One of most frustrating things that a racing series can do is to change the technical regulations mid-season. (see the whole fric suspension issue from last year’s Formula 1 season) The IndyCar season opener on the streets of St. Petersburg, Florida saw the first running of the long-awaited aero kits from the two engine manufacturers, Chevrolet and Honda. The two solutions were very different and based on opposing philosophies. Chevrolet’s solution was focused more on drag reduction whereas Honda’s solution was more about downforce. To be sure, both kits provide more downforce than the standard Dallara kit, but the Chevrolet model had specifically focused on keeping the air flow as far away from the front wheels as possible. A large part of their solution was the use of a winglet on a stalk mounted to the front mainplane.
This element may not seem like much to many, but its inclusion does significant work in keeping the airflow away from the front wheels. Wheels are the most drag and turbulence producing aspects of a racing machine. They’re basically giant egg-beaters that whip the air into a messy froth. The more you can do to keep the majority of the air flow away from the wheels, the less drag you’ll have, and the cleaner the air will be over the rear of the car. The removal of these winglets not only affects the downforce applied to the front wing, but it also compromises the rest of the aero kit’s design.
Release from INDYCAR on Friday afternoon
Aerodynamic bodywork kits, effective for this weekend’s Toyota Grand Prix of Long Beach.
- INDYCAR will continue to be proactive in its review of aero kit performance.
- This process will be ongoing as INDYCAR is committed to delivering an entertaining on-track product throughout the Verizon IndyCar Series season.
- The first step in this process began with last week’s mandate of structural upgrades to both Chevrolet’s and Honda’s aero kit components and will continue as the season progresses and opportunities for improvements are identified.
- As a result of the ongoing development of aero kits, INDYCAR has requested the following actions:
- Chevrolet to add a tether to the winglets, or remove the winglets, from its front wing assembly.
- Honda to implement additional reinforcements to its rear wheel guards.
- These upgrades must be implemented prior to Sunday’s Toyota Grand Prix of Long Beach.
The obvious angle here is that the changes are being made for safety purposes after the Festival of Carbon Fiber (do I need to pay PressDog royalties for that line?) that was the Grand Prix of St. Petersburg. I’m not even going to talk about the yellow flag party at NOLA, so don’t ask. When the kits were announced, many suspected, and with good reason, that there would be more debris as the new elements looked fragile. Turns out they are, but the primary cause of the debris-strewn street at St. Pete wasn’t the fragility of the new kits as much as it was the drivers not being able to keep from running into one another. I’ll admit that avoiding incidental contact is far more difficult on a street circuit than on a road course, but still, keep your wheels to yourselves, people. Having flying shards of carbon fiber is certainly a hazard to not only the drivers, but also to the fans, photographers, and corner workers.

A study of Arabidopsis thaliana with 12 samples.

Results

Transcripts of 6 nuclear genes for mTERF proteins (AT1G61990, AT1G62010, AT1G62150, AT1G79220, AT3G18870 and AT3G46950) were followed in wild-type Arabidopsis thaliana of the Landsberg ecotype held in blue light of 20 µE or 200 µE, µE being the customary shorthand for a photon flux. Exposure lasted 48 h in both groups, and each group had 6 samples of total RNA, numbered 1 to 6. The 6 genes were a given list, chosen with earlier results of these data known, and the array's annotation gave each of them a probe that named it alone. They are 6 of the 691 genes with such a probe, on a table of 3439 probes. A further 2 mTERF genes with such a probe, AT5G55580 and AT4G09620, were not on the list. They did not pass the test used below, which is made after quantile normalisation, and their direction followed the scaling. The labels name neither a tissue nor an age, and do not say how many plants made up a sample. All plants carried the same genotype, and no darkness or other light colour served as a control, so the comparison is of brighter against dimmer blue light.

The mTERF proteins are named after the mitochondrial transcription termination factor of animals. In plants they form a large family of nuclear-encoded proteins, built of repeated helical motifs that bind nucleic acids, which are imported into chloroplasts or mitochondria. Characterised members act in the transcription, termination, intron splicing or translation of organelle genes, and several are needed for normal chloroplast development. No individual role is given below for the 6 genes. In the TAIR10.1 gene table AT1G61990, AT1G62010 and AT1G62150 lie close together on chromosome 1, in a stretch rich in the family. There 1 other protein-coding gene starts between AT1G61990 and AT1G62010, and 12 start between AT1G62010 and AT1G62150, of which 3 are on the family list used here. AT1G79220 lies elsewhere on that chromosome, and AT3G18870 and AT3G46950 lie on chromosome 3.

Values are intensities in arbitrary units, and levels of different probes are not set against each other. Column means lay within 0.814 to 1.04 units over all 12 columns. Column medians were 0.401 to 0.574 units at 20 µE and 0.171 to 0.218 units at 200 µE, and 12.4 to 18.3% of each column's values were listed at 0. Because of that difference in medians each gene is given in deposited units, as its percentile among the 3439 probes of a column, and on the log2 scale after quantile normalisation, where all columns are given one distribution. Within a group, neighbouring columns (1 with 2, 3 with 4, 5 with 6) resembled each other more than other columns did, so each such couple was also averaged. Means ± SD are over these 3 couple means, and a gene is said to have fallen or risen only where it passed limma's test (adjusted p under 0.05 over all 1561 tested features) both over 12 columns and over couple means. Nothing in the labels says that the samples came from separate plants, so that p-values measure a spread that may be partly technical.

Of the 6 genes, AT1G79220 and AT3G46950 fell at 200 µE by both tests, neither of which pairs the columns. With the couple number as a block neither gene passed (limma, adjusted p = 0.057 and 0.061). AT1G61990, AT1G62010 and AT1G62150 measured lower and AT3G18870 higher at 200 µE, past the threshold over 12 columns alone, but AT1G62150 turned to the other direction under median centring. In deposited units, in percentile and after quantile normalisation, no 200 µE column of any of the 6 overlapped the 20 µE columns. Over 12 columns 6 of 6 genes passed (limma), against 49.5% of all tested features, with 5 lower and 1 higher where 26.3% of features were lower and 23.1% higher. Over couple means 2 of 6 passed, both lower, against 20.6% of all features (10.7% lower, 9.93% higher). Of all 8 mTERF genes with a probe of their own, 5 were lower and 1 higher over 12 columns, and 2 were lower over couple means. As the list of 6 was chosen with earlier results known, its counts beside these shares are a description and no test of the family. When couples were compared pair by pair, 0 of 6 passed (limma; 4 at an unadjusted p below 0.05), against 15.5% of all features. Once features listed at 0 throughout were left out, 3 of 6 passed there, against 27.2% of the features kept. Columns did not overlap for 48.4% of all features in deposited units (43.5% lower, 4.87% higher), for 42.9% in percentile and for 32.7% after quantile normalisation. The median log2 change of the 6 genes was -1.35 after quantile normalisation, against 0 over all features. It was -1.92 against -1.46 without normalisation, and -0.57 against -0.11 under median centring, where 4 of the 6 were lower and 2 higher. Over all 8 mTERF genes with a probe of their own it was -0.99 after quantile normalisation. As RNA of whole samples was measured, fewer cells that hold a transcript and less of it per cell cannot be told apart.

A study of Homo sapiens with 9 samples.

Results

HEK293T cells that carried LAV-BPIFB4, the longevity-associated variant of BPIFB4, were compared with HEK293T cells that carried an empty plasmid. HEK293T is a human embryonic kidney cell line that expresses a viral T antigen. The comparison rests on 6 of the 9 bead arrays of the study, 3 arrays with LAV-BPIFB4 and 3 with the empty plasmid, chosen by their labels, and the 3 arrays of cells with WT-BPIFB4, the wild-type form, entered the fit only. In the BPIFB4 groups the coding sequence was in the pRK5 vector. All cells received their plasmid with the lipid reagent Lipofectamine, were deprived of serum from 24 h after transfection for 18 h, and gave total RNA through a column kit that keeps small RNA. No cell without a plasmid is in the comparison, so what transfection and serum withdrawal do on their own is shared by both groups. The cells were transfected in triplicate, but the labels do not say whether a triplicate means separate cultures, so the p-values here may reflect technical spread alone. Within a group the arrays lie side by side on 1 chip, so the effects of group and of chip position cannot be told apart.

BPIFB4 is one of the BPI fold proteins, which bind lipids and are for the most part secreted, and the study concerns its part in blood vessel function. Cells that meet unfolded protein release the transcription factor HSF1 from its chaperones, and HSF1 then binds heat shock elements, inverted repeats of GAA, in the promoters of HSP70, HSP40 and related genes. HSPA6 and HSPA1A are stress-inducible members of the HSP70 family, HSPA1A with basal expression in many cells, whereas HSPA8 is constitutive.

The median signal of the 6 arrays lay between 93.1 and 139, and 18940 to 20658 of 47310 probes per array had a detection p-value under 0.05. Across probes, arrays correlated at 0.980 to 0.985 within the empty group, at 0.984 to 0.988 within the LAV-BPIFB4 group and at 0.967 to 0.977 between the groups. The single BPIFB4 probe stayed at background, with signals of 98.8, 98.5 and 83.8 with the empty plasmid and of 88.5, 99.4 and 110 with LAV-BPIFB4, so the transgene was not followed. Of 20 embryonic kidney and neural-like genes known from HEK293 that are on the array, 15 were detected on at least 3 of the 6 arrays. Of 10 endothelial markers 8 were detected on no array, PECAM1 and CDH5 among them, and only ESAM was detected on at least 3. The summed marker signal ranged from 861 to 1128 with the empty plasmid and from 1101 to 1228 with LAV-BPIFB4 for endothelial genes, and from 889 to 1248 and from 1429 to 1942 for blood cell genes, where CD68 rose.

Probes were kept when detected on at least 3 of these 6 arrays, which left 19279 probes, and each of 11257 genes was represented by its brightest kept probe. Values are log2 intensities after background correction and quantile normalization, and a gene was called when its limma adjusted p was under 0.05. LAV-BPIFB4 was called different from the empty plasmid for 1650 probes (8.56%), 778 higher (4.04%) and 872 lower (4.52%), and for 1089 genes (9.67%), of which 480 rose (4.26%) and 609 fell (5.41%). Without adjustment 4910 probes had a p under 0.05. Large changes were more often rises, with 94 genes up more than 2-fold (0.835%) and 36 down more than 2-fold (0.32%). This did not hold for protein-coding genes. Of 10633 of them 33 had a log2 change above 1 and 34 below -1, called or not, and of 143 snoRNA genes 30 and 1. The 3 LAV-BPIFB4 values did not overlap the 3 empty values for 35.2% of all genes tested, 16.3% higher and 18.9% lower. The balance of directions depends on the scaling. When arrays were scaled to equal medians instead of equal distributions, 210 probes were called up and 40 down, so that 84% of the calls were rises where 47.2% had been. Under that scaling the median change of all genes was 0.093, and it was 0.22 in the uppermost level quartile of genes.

This move by INDYCAR to single out the front wing design of the Chevrolet kit has many crying foul. Admittedly, most of those are also wearing tin-foil hats and prone to believing conspiracy theories, but the Chevrolet teams may have a legitimate complaint. While I seriously doubt that the change was implemented as a conspiratorial move to allow the Honda teams to be more competitive, I can see how it may appear as such to some. Yesterday’s qualifying results certainly didn’t show that Chevrolet was hampered too much as only three Honda-powered teams managed to qualify in the top ten, and only Andretti Autosport’s Ryan Hunter-Reay made the Fast Six, qualifying in fourth for today’s race.
So a couple of take-aways from this. One, I dislike mid-season rule changes as they result in unanticipated expenditures for the teams and manufacturers. I especially dislike substantial rule changes such as this during a race weekend as it doesn’t allow time for the affected teams to develop a suitable alternative solution. Two, while the conspiratorial rumor mill may like to portray this as a way to enhance the competitiveness of the Honda teams as compared to the Chevrolet teams, the data simply do not support this. Yes, the Chevrolet teams have been challenged this weekend in finding a new balance for the car with some teams/drivers being more successful than others. Will Power had the most significant trouble and could only manage to qualify 18th out of 23 entries. Overall, though, the Chevrolet teams, and especially Team Penske, Power notwithstanding, seem to have suffered the changes well.
So what are your thoughts on this? Was the right call made for improving the safety of the design; was the timing right; was the change made as an attempt to improve the parity between the two manufacturers?